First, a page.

Brazilian poet Décio Pignatari, long associated with concrete poetry, has died, as Charles Bernstein reports on Jacket2. As Bernstein writes: “He was 85 and lived in Sao Paulo. With [brothers] Augusto and Haroldo de Campos he edited the magazne Noigandres e Invenção and they together wrote Teoria da Poesia Concreta (1965).” That’s him up top, center, circa 1950.
In 1952, the year Gomringer wrote his first finished constellation “avenidas,” three poets in São Paulo, Brazil–Haroldo de Campos, Augusto de Campos and Decio Pignatari–formed a group for which they took the name Noigandres from Ezra Pound’s Cantos. In Canto XX, coming upon the word in the works of Arnaut Daniel, the Provencal troubadour, old Levy exclaimed: “Noigandres, eh, noigandres / Now what the DEFFIL can that mean!” This puzzling word suited the purposes of the three Brazilian poets very well; for they were working to define a new formal concept. The name noigandres was both related to the world heritage of poems and impossible for the literary experts to define. They began publishing a magazine of the same name, and within the year had begun correspondence with Pound and had established contact with concrete painters and sculptors in São Paulo and with musicians of the avant-garde.
Pound was not the sole influence, of course:
…NOIGANDRES 4 appeared in March of 1958 with poster poems and a synthesis of the theoretical studies and writings of the Noigandres group from 1950 onwards. It bore the title “pilot plan for concrete poetry” and the signatures of Augusto and Haroldo de Campos and Pignatari. In the “pilot plan” the concrete poem is advanced as the “product of a critical evolution of forms” from Mallarmé through Joyce-Pound-Cummings. In “Un coup de dés” (1897) Mallarme made the spaces on the page (“blancs”) and “typographical devices . . . substantive elements of composition.” This was the starting place. Apollinaire’s Calligrams were another step in the evolution toward the concrete poem. Also his belief that: “il faut que notre intelligence s’habitue à comprendre synthético-ideographiquement au lieu de analytico discursivement.” But the actual method of the Noigandres poets derives from THE CANTOS of Ezra Pound (“ideogrammic method”); James Joyce’s ULYSSES and FINNEGAN’S WAKE (“word-ideogram; organic interpenetration of time and space” ); and the experimental poems of e. e. cummings (“atomization of words, physiognomical typography; expressionistic emphasis on space.)” The montage technique of Eisenstein, Futurism, and Dada also contributed. And the work of Oswald de Andrade (1890-1954) and João Cabral de Melo Neto ( 1920-), Brazilian poets.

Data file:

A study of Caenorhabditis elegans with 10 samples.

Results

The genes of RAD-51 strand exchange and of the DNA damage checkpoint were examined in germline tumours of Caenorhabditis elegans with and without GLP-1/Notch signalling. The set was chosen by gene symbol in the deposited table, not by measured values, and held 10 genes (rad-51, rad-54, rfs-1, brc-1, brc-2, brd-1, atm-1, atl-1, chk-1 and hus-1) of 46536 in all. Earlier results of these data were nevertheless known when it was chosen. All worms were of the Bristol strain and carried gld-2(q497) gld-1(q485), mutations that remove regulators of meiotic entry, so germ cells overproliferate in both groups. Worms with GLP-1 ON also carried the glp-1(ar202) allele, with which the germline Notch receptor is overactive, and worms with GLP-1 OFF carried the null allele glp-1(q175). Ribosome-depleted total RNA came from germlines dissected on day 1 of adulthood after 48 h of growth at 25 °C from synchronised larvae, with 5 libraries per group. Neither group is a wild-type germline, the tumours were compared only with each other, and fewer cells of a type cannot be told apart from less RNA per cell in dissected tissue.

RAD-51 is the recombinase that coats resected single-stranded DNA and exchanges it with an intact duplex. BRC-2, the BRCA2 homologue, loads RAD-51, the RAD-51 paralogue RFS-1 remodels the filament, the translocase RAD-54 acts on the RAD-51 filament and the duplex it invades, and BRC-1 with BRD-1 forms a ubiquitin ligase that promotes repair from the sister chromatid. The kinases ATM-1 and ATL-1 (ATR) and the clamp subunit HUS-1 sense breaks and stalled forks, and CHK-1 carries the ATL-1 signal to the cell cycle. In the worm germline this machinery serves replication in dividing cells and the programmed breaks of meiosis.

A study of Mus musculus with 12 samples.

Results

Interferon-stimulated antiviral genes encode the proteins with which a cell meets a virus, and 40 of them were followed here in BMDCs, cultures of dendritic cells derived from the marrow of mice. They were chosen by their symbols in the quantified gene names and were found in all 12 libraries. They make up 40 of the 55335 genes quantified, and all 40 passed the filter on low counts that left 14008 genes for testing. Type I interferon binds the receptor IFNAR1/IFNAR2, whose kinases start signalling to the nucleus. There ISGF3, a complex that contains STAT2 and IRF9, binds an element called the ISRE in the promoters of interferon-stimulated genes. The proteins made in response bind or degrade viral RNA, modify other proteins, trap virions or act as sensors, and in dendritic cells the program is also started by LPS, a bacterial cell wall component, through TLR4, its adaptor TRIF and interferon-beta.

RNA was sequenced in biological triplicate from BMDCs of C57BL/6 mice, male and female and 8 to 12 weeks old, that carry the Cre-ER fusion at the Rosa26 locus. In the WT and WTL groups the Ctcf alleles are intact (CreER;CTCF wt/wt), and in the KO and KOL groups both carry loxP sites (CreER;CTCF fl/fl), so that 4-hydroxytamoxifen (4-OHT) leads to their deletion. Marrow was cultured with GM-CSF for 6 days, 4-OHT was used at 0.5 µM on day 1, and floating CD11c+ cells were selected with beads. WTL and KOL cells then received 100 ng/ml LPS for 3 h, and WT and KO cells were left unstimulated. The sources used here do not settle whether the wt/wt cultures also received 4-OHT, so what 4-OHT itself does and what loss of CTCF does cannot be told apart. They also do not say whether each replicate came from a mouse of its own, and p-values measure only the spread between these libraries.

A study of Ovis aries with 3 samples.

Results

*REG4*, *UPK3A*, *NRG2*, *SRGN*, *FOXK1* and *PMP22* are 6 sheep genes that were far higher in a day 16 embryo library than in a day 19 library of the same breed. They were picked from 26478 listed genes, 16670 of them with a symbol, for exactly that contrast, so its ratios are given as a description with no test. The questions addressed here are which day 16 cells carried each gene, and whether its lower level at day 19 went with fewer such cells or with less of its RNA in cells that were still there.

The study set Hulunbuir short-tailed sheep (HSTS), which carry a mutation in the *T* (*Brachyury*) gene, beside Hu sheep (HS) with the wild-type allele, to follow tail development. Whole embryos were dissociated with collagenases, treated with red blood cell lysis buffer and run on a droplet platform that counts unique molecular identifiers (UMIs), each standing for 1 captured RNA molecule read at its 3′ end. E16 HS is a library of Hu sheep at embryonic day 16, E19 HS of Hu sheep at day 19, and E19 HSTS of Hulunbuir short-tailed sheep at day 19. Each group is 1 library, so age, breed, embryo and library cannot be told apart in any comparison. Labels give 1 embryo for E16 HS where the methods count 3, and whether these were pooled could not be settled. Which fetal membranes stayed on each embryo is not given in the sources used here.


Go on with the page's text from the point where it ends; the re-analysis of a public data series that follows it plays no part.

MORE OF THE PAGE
Having freed itself from the requirements of the “formal rhythmical unit,” the concrete poem was said to begin with the awareness “of graphic space as a structural agent.” Like [Swiss poet Eugen] Gomringer, the Noigandres poets turned their backs on the linear concept of form (“mere linear-temporistical development”), putting in its place the concept of “space-time structure.” And this was not less but more tied in with the problem of content. . . .
Solt elaborates upon Pignatari’s famous piece “Beba Coca Cola” (Drink Coca Cola), 1957, which Bernstein mentions on his blog.
In “boba coca cola” ( “drink coca cola”) Decio Pignatari makes an anti-advertisement from an American advertising slogan, condemning both the culture that makes and exports coca cola and the culture that drinks it. The word “coca,’ in South American countries, refers to a number of shrubs, but especially to the E. coca, whose leaves resemble tea. Coca leaves are chewed to impart endurance. Pharmaceutically the dried leaves of the E. coca yield cocaine. By simply exchanging the position of the vowels in “coca” the poet gets “caco” (“shard”). With this most economical method he is able to bring into the poem a most provocative question: What will the archaeologist of the future be able to say about our civilization if the shards we leave are fragments of coca cola bottles? The final, damning word of the poem “cloaca” (“filthy place,” “cesspool”) also takes its letters from “coca cola.”
And Kenny Goldsmith discusses Pignatari’s lean to digital poetics:
After a long evening of several academic papers, presentations and readings, Décio saddled up to the stage and began recalling the history of concrete poetry as it applied to the Noigandres group in São Paulo in the early 1950s. I was stunned. Everything he was saying seemed to predict the mechanics of the internet in so many respects: delivery, content, interface, distribution, multi-media, just to name a few. Suddenly it made sense: like de Kooning’s famous statement: “History doesn’t influence me. I influence it,” it’s taken the web to make us see just how prescient concrete poetics was in predicting its own lively reception half a century later.